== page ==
Etymology

"pierce or make a hole in with a drill or similar tool," c. 1600 (implied in drilling), from Dutch drillen "to bore (a hole), turn around, whirl," from Proto-Germanic *thr- (source also of Middle High German drillen "to turn, round off, bore," Old English þyrel "hole"), from PIE root *tere- (1) "to rub, turn," with derivatives referring to twisting, boring, and drilling. Related: Drilled, drilling. Compare thrill, the native English form of the word. Drill-press "drilling machine for boring holes in metal" is by 1850.


"to instruct in military exercise," 1620s (a sense also found in Dutch drillen and the Danish and German cognates), probably from drill (v.1) on the notion of troops "turning" in maneuvers. Related: Drilled, drilling.

As a noun, "act of training soldiers in military tactics," 1630s; the extended sense of "the agreed-upon procedure" is by 1940. Drill-sergeant "non-commissioned officer who instructs soldiers in their duties and trains them in military movements" is by 1760. Drill-master "one who gives practical instructions in military tactics" is by 1766.


1913, in photography, etc.; see close (adv.) + up (adv.).


1722, originally nautical, also close-fights, "bulkheads fore and aft for men to stand behind in close engagements to fire on the enemy," it reflects the confusion of close (v.) and close (adj.); "now understood of proximity, but orig. 'closed' space on ship-board where last stand could be made against boarders" [Weekley]. Compare also closed-minded (1880s), a variant of close-minded, as if "shut" rather than "tight," also closed-fisted, occasional variant of close-fisted "stingy."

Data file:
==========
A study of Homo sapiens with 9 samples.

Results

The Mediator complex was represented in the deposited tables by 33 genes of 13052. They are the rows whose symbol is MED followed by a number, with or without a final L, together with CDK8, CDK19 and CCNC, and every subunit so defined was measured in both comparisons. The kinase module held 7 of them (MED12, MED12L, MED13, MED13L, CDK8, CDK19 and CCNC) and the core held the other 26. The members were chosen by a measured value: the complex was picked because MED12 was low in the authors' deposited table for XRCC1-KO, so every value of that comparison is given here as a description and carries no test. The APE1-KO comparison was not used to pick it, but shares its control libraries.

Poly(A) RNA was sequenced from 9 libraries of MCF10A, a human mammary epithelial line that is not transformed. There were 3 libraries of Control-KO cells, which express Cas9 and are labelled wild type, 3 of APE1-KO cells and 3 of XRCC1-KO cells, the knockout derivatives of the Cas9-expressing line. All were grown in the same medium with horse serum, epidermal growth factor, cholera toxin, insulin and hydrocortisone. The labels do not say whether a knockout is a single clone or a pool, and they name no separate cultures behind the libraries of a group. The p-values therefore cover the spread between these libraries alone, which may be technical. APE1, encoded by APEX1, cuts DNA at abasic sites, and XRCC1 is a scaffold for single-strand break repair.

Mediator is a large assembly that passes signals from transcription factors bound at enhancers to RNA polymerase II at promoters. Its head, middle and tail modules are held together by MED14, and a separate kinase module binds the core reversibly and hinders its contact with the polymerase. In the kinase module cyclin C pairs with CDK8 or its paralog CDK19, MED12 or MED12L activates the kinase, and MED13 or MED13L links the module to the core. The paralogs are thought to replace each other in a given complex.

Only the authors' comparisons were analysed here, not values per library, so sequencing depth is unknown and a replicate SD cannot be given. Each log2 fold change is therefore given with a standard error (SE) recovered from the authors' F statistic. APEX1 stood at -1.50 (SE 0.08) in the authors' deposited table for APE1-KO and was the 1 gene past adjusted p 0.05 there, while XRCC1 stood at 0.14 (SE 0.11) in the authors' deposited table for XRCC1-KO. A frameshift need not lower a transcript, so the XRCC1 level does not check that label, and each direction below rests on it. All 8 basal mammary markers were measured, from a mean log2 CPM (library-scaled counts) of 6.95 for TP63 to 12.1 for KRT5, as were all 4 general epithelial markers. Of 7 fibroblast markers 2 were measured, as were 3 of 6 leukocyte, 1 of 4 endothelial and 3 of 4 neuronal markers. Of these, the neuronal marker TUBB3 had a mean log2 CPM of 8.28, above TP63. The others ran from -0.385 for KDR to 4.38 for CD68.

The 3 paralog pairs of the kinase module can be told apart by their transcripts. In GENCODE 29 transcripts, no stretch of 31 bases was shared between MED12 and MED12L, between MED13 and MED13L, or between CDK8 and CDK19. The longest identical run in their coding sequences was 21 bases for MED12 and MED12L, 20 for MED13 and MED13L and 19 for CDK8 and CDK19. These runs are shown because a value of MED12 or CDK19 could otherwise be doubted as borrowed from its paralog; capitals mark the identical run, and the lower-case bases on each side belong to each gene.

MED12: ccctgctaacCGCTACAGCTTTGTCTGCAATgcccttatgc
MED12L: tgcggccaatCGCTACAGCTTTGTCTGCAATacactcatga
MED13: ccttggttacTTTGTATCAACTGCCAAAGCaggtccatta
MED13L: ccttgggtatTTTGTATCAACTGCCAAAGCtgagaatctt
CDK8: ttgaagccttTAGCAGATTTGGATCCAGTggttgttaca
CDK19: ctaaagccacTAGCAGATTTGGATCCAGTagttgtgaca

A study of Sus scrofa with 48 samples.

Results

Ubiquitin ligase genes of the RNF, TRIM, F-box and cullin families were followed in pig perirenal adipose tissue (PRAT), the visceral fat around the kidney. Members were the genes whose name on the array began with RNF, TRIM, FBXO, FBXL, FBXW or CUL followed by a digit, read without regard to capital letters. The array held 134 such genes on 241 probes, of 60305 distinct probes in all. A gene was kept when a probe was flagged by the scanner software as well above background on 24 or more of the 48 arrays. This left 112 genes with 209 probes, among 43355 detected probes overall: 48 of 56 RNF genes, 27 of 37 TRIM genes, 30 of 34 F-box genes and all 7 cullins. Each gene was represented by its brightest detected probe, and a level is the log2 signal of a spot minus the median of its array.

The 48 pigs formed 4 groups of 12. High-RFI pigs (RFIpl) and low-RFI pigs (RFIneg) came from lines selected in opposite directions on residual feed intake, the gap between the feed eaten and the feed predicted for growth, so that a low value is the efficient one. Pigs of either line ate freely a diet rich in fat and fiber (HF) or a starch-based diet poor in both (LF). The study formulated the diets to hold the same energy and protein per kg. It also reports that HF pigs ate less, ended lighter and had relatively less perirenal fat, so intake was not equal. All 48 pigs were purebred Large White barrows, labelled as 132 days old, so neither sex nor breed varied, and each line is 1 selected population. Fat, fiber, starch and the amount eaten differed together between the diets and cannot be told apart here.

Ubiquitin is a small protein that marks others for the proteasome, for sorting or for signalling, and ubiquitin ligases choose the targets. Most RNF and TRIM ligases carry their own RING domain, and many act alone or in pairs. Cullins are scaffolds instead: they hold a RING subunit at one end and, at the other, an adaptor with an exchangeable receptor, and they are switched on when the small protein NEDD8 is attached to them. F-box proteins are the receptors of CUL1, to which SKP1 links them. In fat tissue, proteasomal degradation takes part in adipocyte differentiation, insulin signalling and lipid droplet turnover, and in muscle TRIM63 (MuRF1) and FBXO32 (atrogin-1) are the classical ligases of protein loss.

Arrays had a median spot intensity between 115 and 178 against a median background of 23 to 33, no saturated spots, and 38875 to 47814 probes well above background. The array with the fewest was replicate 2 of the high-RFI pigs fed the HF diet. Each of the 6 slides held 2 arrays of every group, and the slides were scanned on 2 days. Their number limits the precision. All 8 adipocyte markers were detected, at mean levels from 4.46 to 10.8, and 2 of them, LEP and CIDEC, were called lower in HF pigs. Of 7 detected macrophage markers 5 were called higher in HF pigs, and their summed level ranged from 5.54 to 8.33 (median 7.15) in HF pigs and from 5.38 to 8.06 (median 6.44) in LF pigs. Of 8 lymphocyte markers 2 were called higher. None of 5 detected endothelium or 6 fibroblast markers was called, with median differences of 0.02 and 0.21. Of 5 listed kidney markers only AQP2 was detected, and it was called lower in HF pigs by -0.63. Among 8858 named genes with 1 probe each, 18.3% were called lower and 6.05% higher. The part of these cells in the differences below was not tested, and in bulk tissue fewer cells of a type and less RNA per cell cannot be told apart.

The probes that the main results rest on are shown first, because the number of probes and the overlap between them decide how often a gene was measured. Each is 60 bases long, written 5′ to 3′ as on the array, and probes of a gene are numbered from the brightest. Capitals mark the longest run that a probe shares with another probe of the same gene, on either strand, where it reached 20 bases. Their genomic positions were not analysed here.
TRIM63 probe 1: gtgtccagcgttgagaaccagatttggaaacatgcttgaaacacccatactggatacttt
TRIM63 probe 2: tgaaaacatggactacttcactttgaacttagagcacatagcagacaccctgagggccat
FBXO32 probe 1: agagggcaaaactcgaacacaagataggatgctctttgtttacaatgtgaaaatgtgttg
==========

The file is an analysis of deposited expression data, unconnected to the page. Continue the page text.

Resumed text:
in restaurants, indicating dishes to be prepared and served up quickly, by 1897, from the adverbial expression in short order "rapidly, with no fuss;" see short (adj.) + order (n.).


1630s, "to arrange beforehand," from pre- + order (v.). Marked in OED 2nd ed. as "rare." Related: Pre-ordered; pre-ordering.


1875, from mail (n.1) + order. Before television and the internet, the bane of retailers and shop-owners.

The origin, foundation and principle of mail order trading is universally recognized as wrong. It was conceived in iniquity and brought forth in despair as the world's greatest destructive medium. Mail Order Trading was born in the brain of knaves and thieves who fired their building for insurance profits, then sold the salvaged and damaged stock to the unsuspecting sons of man in distant territory. [Thomas J. Sullivan, "Merchants and Manufacturers on Trial," Chicago, 1914]

1802, "an order, payable on sight, issued at one post office and payable at another," from money + order (n.) in the business sense.


1865, originally a device for making fire by the twirled stick method, from fire (n.) + drill (n.1). Meaning "rehearsal of what to do in a fire" is from 1884 (originally it also involved fighting the fire), from drill (n.) in the "agreed-upon procedure" sense (see drill (v.)).


also jackhammer, "portable rock-drill worked by compressed air," 1913, from jack (n.) + hammer (n.). As a verb by 1947. Related: Jack-hammered; jack-hammering.